We usually see this term on the internet. But do you have any idea what “phishing” is?

Phishing is an online fraud in which a fraudster is disguised as a trustworthy entity in an electronic communication. Some hackers create phishing emails containing malicious links or attachments that can perform a variety of functions, including the extraction of login credentials or account information from victims.

What Does Phishing Email Look Like?

As mentioned earlier, cybercriminals pretend to be members of reputable corporations. They will send you emails with malicious links. Although cybercriminals can fake the emails, you can spot the differences between emails of the legitimate corporations and the fake ones. Often poor grammar, sentence structure and spelling are clear signs of possible deception and a good understanding of English grammar would help you avoid the bait of the fraudsters.


Don’t trust email with grammar issues

We don’t want to sound like grammar nazis. However, most of the time, spam emails and phishing mails have poor or distorted grammar. In a blog post on Microsoft (official website), it shows a sample of an email from a phishing scam. A suspicious email has lots of misspelled words and bad grammar. Come to think of it, big companies are strict when it comes to sending letters. Before releasing a copy, it should undergo a QA, and should be proofread by editors to ensure no errors.


Don’t Click The Link

Spammers (those who are practicing Black hat SEO) and fraudsters love inserting links to achieve their agenda. What you can do to avoid their tricks is, avoid clicking the links, especially if you doubt the intention of the letter. If you find yourself curious about the link provided, rest your mouse (but don’t click) on the link (or it could be hyperlinked words or paragraph) to check if the address matches the link that was typed in the message.

Don’t be intimidated by fear and threats

Con artists love intimidating people so they can manipulate them. Usually, they send email telling users that their security has been compromised. The best way to avoid this, is to ignore it and don’t reply nor click a link.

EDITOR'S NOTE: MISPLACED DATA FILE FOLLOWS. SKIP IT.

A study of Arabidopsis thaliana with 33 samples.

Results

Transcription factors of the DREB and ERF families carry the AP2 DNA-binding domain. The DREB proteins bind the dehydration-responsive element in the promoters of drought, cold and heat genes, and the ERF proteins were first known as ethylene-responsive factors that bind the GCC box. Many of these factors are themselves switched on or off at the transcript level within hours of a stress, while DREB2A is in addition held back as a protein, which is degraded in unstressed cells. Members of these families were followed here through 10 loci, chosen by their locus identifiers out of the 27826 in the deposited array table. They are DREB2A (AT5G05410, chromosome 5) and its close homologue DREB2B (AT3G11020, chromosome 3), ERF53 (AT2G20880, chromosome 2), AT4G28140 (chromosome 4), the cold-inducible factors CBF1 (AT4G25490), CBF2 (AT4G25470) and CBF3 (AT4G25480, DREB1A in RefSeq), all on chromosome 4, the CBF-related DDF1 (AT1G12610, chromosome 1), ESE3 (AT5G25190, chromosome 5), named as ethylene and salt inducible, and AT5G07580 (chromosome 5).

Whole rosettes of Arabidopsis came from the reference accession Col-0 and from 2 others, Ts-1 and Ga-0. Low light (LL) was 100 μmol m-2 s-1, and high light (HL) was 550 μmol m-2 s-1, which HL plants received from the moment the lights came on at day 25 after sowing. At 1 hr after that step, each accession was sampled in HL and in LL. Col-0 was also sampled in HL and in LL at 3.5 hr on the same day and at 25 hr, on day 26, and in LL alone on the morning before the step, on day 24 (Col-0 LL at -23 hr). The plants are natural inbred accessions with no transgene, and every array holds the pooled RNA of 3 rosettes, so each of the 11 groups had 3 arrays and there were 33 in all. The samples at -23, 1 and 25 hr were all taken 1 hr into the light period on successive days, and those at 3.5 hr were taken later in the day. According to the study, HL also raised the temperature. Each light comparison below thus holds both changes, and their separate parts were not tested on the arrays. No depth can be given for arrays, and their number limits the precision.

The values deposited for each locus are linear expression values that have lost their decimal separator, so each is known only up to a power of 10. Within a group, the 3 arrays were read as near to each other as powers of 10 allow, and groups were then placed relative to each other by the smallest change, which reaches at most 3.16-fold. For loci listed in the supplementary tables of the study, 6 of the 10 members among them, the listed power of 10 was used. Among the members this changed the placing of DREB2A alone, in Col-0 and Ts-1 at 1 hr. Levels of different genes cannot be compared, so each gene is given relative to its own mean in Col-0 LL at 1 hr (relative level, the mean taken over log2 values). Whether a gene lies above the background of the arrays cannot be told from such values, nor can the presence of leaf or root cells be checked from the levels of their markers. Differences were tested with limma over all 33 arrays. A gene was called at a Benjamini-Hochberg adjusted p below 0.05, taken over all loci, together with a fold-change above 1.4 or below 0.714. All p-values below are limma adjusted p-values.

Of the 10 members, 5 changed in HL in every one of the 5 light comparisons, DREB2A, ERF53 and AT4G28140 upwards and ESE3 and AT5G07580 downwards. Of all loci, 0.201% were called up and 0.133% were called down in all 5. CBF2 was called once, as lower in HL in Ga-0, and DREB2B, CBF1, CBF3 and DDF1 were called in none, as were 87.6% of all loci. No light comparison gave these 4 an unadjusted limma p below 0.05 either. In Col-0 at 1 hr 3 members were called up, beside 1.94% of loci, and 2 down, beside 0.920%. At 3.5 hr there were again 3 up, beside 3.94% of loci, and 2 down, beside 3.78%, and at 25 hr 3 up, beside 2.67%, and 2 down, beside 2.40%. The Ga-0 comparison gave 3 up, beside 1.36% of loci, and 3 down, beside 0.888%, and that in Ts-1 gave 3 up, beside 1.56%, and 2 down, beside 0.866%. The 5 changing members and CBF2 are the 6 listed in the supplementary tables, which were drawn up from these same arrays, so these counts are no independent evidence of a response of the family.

Scam Artists Imitate Popular Sites and Companies

To convince you that their emails are from the legit companies, they will use the logos (without permission) and web addresses that resemble the names of well-known companies but are slightly altered. So again, check the body of the mail, but don’t reply or click anything without checking the links.

Spotting a phishing email

  • Look carefully at the email address. Check if it has numbers in it, or seem odd in any way. Check the phone number. If something suspicious, don’t continue checking the link. Usually, big corporations emails have no numbers.
  • Zoom in the logo and look closely. Compare the logo to those used on the company’s official website.
  • If the content looks rushed and lots of grammar errors, don’t trust it.
  • To check the links without clicking, hover the mouse over the link, or copy the link address into a Word Document. If it doesn’t match to the official page, then, it is a scam mail.

There are two types of phishings:

Spear phishing – an online communication scam targeting a specific individual, organization or business. It intends to steal data for malicious purposes. Most of the time, online scammer intends to install malware on a targeted user’s computer.

Whale phishing – Its target is wealthy, powerful, or prominent individuals. The term “whale” describes the victims belong to prominent class.

Aside from emails, cybercriminals also use phones to bait victims. They could offer you  to help solve your computer problems or sell you a software license. Once they’ve gained your trust, they will ask your user name and password or ask you to go to a website to install software that will let them access your computer to fix it. Once you do this, your computer and your personal information are vulnerable. If you have received calls, be skeptical. Do not provide any personal information.

Although it is advisable to ignore sketchy offers and emails, experts are encouraging us to report a phishing scam. If you receive a fake phone call, take down the caller’s information and report it to your local authorities.